Our "Gaslight" Economy
December 7, 2016
If you don't like what these charts are saying, please notify The Washington Post to add the St. Louis Federal Reserve to its list of Russian propaganda sites.
Yesterday I described our gaslight financial system. Today we'll look at our gaslight economy. Correspondent Jason H. alerted me to the work of author Thomas Sheridan ( Puzzling People: The Labyrinth of the Psychopath), who claims to have coined the term gaslighting.
As noted yesterday, gaslighting has often been used in the context of personal relationships to describe a manipulative person's attempts to undermine and control their romantic partner.
In a larger context, these manipulative techniques can also be applied to our perception of the entire economy:
1. Questioning, belittling, discounting and undermining our experience of economic "animal spirits" and general conditions.
2. Overwriting our memory of the economy of the past, again by undermining, questioning and belittling our memories.
3. Discrediting and marginalizing our definitions of economic well-being, in favor of the manipulator's definition of our well-being.
4. Using authority and "experts" to disqualify and discredit dissenting views.
5. Denigrate and deny our lived experience of economic conditions by repeating the institutionalized authority-approved narrative of "what actually happened."
6. Disorient, discredit and destroy dissent with a torrent of false statistics, false narratives, false accusations and false claims of our errors.
It seems obvious to me that we are being gaslighted to forget the widely distributed prosperity of the past and accept that the stagnation of the past 16 years is equivalently prosperous--in direct contradiction to the lived experience and memories of the bottom 80%.
Please compare the following four charts of unemployment, real hourly pay, inflation and full-time jobs with your economic experiences of the past two decades. The mainstream media and financial media are saturating us with claims that the economy is doing great: unemployment is a historically low 4.6%, real wages rose an astonishing 5% this year, millions of new jobs have been created, interest rates are at all-time lows, inflation is subdued and all in all, the U.S. economy is doing great--and if you disagree, well, you're a Russian propagandist because legitimate dissent is impossible.
Here are the charts that illustrate our phony gaslight economy, with my notes. Please note the charts are from that well-known website of Russian propaganda, the St. Louis Federal Reserve (FRED).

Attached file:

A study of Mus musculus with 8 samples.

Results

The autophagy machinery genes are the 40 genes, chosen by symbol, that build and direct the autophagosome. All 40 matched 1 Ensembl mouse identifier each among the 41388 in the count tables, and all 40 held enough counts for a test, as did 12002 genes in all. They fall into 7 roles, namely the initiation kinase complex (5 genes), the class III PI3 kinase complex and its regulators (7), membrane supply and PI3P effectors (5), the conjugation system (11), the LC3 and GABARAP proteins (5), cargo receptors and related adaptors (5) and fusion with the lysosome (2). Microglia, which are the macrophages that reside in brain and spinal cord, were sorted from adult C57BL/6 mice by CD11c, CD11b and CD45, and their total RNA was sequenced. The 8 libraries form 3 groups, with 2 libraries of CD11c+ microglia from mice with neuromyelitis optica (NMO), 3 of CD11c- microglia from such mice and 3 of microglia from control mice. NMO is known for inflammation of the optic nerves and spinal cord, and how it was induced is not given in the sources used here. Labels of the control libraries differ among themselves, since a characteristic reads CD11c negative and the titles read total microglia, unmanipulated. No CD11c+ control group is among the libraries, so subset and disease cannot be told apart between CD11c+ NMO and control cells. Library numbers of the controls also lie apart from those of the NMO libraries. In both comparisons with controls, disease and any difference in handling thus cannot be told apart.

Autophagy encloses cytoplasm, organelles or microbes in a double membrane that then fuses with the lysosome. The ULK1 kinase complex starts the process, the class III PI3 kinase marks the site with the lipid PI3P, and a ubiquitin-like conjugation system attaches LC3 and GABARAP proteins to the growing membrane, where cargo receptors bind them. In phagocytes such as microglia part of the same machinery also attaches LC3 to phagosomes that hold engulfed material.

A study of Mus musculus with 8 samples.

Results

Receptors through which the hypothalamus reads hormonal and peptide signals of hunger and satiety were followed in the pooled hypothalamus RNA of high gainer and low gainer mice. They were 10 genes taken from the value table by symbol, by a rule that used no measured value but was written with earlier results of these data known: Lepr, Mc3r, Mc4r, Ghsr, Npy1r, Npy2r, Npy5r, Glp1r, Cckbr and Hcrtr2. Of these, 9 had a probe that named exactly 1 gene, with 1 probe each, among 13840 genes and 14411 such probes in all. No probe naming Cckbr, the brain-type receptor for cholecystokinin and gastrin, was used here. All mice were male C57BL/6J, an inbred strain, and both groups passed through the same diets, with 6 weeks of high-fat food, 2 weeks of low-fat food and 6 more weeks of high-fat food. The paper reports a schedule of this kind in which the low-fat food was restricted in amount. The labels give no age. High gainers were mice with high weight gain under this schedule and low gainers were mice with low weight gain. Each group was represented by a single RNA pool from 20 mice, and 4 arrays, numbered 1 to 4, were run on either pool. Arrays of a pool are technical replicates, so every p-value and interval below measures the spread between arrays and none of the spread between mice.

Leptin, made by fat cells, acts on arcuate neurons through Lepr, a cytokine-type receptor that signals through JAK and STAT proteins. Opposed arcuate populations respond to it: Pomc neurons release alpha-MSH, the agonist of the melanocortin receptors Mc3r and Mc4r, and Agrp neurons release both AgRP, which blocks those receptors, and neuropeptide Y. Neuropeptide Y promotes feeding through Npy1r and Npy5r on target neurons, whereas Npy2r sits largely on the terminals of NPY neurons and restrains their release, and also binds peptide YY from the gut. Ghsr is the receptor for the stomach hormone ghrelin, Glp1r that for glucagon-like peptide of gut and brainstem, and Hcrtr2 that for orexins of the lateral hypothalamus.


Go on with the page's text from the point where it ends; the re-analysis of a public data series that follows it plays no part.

Over the past 60 years, an unemployment rate of 4.6% correlated with a booming economy of strong job growth and rising wages. Do you think the economy is booming, outside of hotspots such as San Francisco, CA and Portland, OR? The top 5% have done very very well over the past 16 years, but what about the bottom 95%?
Official inflation as measured by the Consumer Price Index shows a mere 10% total inflation since mid-2008. Does this align with your experience of real inflation? Here is my view: The Burrito Index: Consumer Prices Have Soared 160% Since 2001 (August 1, 2016)
While hourly compensation has gone up 60% since 1970, when adjusted for inflation it has declined. If this is prosperity, then what does stagnation look like?
Here's a chart of full-time employment. Does that tiny blip higher after eight years of "recovery" look like a widely distributed boom to you?
What else can we make of the vast gulf between the status quo's ceaseless projection of "the economy is strong" and these charts--and our own experience? As for memory-- those of us who have been working for the past 40+ years recall real prosperity--and the past eight years are not at all like periods of prosperity in the past.
Rather, the few at the top have amassed vast wealth while the bottom 95% have experienced stagnant wages and declining real wealth.
If you don't like what these charts are saying, please notify The Washington Post
to add the St. Louis Federal Reserve to its list of Russian propaganda sites.